Thursday 11 June 2009

Book Review: Shoba Narayan – Monsoon Diaries

I was sent this book by Umm Nassim (over at the excellent Islamic Unit Studies) as part of a book swap earlier this year. She picked up on my desire for some light reading and thought this might fit the bill.

Monsoon Diaries is Narayan’s account of her childhood and teenage years amongst a large family in South India and later America. What is different about this book is that it reads part autobiography and part cookbook. Narayan describes her loving and eccentric family with affection in the various settings of journeys, celebrations and holidays. She colours her account with the descriptions of food that her memory has linked to each occasion and each recollection is interspersed with a traditional South Indian recipe.

Narayan describes her idyllic childhood and the love she receives from her extended family as well as the chaos and joy of family weddings and holidays. The cast of characters she recalls, from servants and neighbours, to family and friends are full of life, eccentricity and

As a Punjabi (north India and Pakistan), some of what she describes – the role of family and food is very recognisable to me, others aspects were more novel: the tropical nature of South India, the religious practises and the role of women (South Indian women seem to be stronger and to command more respect).

Narayan takes us through college life and onto her scholarship in an American college. This part of the book reminded me of Nahid Rachlin’s Persian Girls (review here), where the protagonist goes to America and finds herself alienated and misunderstood, struggling to create any kind of identity. The author of Monsoon Diaries in contrast, approaches America with a sense of delight and adventure. Keen to try everything, meet everyone and learn all that she can, Narayan also struggles with identity and questions of belonging, but doesn’t dwell on these issues long enough to dampen her enthusiasm for her adopted country.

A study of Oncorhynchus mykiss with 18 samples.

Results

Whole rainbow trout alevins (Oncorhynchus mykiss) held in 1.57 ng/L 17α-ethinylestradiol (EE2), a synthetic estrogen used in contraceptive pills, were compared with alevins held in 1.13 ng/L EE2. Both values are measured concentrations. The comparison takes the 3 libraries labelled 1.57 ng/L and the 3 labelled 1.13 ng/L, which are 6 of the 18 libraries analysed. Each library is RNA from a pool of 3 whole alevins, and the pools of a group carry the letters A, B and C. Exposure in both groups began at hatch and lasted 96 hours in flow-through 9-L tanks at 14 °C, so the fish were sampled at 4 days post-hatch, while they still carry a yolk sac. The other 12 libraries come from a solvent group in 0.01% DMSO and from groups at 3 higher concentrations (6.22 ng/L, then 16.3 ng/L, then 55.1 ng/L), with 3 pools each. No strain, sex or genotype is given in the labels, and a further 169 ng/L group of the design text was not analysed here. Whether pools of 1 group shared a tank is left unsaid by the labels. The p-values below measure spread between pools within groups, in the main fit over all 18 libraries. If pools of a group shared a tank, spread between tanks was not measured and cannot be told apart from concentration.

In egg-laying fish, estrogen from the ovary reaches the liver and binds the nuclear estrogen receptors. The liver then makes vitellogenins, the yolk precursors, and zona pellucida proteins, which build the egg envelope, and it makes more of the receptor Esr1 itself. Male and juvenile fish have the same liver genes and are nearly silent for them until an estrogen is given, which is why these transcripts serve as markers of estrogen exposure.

The first half of the book was an enjoyable read. I found pleasure in reading about the colour, culture, costumes, traditions and people of India, but most of all the culinary heritage of this diverse and amazing country. Narayan really does make her country and childhood come alive.

In contrast the latter half of the book was less absorbing and I was less interested in her various financial and academic problems. The book does end on a note reminiscent of its beginning though – we find that the author and her family have imported much of their culture, family values, eccentricity and chaos into America proving the point that you can take the Indian out of India, but not the India out of the Indian I suppose.